Twenty Centuries of Christian Spiritualities

September 5, 2008

Twenty Centuries of Christian Spiritualities
By Richard H. Schmidt
Eerdmans, 388 pp., $22

Spirituality is found only in the day-to-day lives of ordinary people, claims Richard Schmidt, an Episcopal priest, former editor of The Episcopalian and now editor and director of Forward Movement Publications.

In an earlier book, Glorious Companions, he called our attention to the most influential and significant shapers of Anglican spirituality from the 16th century to the present.

In God Seekers, Schmidt gives us 32 brief biographies of ordinary people "experiencing and responding to the love of God." As they aged,
they grew and changed in their spirituality, some radically. But each was "willing to ask difficult questions and not shy away from hard answers" about God and his or her own spirituality, as each sought to know God.

Schmidt wanted a broad sample of Christian spiritual masters and he includes at least one representative from every major branch of the Christian family tree. Each of the bios concludes with examples from the author's own works as well as some questions for readers' reflection and discussion.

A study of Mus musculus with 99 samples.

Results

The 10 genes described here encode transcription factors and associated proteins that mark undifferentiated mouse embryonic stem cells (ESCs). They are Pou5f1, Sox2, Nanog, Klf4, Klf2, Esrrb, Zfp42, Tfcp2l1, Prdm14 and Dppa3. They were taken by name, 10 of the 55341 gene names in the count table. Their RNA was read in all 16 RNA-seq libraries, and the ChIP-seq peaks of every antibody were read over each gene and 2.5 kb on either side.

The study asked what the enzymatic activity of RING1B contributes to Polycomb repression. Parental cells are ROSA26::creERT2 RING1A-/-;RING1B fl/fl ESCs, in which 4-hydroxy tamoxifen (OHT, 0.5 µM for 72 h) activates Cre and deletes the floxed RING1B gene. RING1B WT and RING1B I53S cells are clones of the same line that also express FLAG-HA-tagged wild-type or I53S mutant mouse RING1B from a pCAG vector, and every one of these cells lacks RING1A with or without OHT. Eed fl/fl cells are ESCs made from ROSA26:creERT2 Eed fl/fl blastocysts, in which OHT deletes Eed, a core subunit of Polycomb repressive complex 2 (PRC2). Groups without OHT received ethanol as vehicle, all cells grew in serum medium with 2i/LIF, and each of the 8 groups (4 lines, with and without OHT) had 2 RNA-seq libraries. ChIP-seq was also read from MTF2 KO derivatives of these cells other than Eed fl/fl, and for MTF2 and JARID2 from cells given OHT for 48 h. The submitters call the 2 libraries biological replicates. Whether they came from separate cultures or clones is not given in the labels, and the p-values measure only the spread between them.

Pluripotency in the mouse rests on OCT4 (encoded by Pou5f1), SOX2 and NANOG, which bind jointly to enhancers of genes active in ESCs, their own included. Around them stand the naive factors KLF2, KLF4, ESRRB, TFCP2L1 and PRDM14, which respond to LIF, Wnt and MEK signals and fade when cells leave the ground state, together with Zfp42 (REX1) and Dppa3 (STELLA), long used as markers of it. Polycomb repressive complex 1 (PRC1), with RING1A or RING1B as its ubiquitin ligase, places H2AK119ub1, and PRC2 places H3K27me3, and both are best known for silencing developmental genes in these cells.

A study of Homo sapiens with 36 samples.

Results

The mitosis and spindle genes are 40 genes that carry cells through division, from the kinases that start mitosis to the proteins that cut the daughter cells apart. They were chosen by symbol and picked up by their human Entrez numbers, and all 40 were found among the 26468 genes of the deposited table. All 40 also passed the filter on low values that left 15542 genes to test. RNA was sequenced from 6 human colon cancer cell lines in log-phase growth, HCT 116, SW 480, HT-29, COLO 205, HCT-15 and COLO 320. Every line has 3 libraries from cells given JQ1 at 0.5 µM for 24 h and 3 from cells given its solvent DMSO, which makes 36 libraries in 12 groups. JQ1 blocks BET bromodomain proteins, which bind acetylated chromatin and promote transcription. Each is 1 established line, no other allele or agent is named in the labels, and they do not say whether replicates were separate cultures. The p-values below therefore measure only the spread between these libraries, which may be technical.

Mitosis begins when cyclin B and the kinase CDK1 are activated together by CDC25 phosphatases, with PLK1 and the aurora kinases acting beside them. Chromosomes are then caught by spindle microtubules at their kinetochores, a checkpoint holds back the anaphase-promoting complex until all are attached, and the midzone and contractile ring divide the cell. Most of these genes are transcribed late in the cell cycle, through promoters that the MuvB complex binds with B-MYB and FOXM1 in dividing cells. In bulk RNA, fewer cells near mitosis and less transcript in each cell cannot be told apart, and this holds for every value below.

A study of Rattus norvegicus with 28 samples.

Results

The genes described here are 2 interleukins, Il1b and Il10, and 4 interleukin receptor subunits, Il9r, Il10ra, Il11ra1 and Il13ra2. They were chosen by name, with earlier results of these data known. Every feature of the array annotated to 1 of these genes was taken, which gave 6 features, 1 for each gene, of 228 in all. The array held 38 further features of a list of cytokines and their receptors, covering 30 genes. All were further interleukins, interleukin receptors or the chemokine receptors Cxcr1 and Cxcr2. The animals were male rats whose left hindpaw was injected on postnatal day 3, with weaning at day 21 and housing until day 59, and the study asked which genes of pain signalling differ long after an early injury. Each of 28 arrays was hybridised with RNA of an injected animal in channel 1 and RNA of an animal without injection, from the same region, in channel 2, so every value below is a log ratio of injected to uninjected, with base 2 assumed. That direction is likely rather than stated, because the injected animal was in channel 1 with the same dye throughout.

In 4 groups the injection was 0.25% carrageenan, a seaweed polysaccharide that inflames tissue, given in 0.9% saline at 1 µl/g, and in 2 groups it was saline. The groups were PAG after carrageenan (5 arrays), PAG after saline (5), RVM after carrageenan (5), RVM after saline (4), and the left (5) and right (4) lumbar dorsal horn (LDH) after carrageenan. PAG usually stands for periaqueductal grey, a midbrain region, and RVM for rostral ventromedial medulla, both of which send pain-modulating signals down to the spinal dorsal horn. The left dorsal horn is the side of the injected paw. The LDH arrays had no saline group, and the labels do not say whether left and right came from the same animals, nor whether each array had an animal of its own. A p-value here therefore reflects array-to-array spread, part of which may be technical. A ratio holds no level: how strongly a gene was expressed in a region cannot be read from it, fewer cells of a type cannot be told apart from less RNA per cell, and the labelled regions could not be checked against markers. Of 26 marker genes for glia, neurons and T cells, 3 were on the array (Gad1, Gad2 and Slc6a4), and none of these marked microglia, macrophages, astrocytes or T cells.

Some of those will be well known to readers, while others may be new spiritual guides. Schmidt begins with Irenaeus (c. 130–c. 200) and continues with Origen of Alexandria, Antony of the Desert Fathers, Gregory of Nyssa and Augustine of Hippo. Patrick represents Celtic spirituality and Anselm and Bernard of Clairvaux are examples of medieval spirituality. Julian of Norwich represents the English mystics and Ignatius of Loyola, the Jesuits; while Martin Luther and John Calvin, mark the time of Reformation spirituality.

Teresa of Avila is one of the Spanish Mystics, while George Herbert speaks for Anglican spirituality, and John Bunyan for the Non-Conformists. Others included by Schmidt are the Wesleys, John and Charles; Kierkegaard; R.A. Torrey; Amy Carmichael and Maria Skobtsova. Donald Gee represents Pentecostal spirituality; and Dorothy Day, the Catholic Worker Movement; followed by Thomas Merton and Madeleine L'Engle. African Christian spirituality tells the story of John Mbiti and feminist spirituality is represented by Rosemary Radford Ruether.

This is quite an interesting mix of spiritual leaders. And each of them comes to life through a drawing done by artist Dean Mosher, who created his own rendition from photographs, paintings or other likenesses, where those were available. For earlier leaders, Mosher researched where the person lived, ethnic background and clothing of that period, then had friends serve as models. It worked wonderfully and adds much to Richard Schmidt's God Seekers.